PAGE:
Gestational diabetes is a type of diabetes that affects pregnant women. Typically, it occurs during the second or third trimester of pregnancy and usually goes away after giving birth. However, if left untreated, gestational diabetes can have serious consequences for both mother and fetus.
Scientists are now beginning to understand the underlying mechanisms behind this condition, as well as how it affects pregnant women. Researchers have discovered that gestational diabetes is caused by a lack of insulin production or the body’s inability to properly use the insulin produced, resulting in high blood sugar levels.
A Source of Real Danger
The potential risks associated with uncontrolled blood sugar levels during pregnancy are serious and include preterm labor, pre-eclampsia (which can be fatal), macrosomia (large newborn size), stillbirth, and Cesarean delivery. Significantly, gestational diabetes can also increase the risk for developing Type 2 Diabetes later in life for both mother and baby.
It’s essential that pregnant women monitor their own health during pregnancy, which includes watching out for signs and symptoms of gestational diabetes. Signs can include increased thirst and frequent urination, as well as increased hunger, despite eating more than normal. If you are concerned that you may have gestational diabetes, talk to your doctor about getting tested early on in your pregnancy, so that it can be managed properly.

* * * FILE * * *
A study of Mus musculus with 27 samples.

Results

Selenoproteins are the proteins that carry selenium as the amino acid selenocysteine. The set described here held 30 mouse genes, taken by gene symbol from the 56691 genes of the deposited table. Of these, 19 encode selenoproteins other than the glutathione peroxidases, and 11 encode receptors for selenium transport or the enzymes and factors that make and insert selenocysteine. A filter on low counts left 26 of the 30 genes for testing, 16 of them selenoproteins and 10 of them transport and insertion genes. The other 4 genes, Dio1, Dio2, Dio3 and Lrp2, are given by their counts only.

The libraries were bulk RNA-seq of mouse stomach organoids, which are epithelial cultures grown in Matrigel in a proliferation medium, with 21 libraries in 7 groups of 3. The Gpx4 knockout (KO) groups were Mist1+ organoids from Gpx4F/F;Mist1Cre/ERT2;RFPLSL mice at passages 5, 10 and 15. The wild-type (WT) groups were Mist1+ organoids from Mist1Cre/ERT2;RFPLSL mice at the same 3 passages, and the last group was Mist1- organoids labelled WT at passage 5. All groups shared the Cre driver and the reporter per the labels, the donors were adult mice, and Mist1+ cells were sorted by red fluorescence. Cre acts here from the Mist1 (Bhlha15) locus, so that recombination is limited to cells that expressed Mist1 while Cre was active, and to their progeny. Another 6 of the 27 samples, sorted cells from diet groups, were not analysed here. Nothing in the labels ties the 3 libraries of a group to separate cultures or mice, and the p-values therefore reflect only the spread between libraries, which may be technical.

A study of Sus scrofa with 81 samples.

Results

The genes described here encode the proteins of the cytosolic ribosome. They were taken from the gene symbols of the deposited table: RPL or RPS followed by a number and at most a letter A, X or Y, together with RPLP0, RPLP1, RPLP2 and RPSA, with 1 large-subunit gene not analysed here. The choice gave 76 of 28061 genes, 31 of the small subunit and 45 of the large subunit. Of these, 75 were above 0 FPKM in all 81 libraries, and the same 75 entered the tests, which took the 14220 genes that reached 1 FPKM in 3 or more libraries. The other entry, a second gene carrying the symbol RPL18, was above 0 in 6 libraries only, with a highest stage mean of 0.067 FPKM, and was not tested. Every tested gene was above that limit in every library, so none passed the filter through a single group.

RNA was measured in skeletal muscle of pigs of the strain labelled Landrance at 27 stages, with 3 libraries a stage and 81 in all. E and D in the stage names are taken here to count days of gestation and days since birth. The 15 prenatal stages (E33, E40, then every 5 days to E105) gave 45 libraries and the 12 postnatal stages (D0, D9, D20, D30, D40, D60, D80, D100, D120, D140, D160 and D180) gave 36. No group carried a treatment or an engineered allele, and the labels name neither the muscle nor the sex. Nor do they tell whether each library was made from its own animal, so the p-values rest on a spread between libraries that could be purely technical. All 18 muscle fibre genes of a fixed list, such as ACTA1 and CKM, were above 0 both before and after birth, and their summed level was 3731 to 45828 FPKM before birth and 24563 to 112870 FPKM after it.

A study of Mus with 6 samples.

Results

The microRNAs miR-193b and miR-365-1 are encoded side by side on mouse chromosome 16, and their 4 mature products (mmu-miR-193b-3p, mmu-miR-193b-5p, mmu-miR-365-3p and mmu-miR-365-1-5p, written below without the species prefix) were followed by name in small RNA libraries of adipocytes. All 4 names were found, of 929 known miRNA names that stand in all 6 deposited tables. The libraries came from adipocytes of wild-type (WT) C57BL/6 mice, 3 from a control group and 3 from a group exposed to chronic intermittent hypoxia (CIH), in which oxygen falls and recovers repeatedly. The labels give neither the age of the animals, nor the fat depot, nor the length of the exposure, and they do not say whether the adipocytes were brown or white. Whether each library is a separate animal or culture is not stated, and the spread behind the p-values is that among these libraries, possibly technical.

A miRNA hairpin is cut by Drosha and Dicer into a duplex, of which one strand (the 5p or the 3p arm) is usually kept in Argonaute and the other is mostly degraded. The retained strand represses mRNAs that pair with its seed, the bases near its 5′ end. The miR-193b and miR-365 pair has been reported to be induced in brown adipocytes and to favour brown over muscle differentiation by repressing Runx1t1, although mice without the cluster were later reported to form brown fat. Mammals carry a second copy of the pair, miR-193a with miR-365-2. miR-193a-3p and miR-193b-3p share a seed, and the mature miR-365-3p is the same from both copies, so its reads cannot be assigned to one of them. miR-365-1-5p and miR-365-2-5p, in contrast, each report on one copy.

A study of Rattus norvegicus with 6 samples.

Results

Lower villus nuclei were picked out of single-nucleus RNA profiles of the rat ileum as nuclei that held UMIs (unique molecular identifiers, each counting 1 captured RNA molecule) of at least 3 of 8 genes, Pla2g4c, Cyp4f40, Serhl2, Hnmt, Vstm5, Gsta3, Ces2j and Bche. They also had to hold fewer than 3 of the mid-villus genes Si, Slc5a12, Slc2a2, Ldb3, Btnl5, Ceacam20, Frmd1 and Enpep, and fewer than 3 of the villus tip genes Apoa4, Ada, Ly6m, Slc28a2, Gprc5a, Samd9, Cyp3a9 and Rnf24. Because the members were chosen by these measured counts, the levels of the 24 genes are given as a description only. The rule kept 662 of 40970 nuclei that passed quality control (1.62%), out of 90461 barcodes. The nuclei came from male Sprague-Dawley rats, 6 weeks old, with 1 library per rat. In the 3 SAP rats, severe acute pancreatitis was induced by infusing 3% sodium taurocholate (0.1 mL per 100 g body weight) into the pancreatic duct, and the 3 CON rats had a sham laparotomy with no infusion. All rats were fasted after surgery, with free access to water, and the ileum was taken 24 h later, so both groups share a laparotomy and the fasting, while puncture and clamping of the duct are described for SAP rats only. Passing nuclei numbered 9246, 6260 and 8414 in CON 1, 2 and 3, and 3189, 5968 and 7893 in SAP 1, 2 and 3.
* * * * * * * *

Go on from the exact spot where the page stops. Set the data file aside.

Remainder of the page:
If you do receive a diagnosis of gestational diabetes, please follow your doctor’s instructions closely in order to reduce the potential complications of uncontrolled glucose levels. Healthy foods, such as vegetables, whole grains, and lean proteins, should take priority over foods high in sugar or simple carbohydrates, such as white breads or pastas. Limit drinks high in sugar – soda or fruit juices that contain added sugars – as much as possible.
Taking a Proactive Approach
As long as the physical activity is approved by your doctor beforehand, exercising regularly will help keep glucose levels within range and yield additional health benefits in the form of improved moods, better sleep quality, and weight management. It’s crucial to keep up with regular prenatal care visits, in order to ensure you stay on top of any diabetes management needed during your pregnancy. Do it for your own health, and for your baby’s.
Although gestational diabetes can occur during any stage of a pregnancy, making it difficult to prepare for its onset without early screening tests, being proactive about managing it is key to ensuring a healthy outcome for mother and child. With proper precautions and a management plan in place, the specter of gestational diabetes need not prevent you from having a safe, successful delivery full of joyous memories.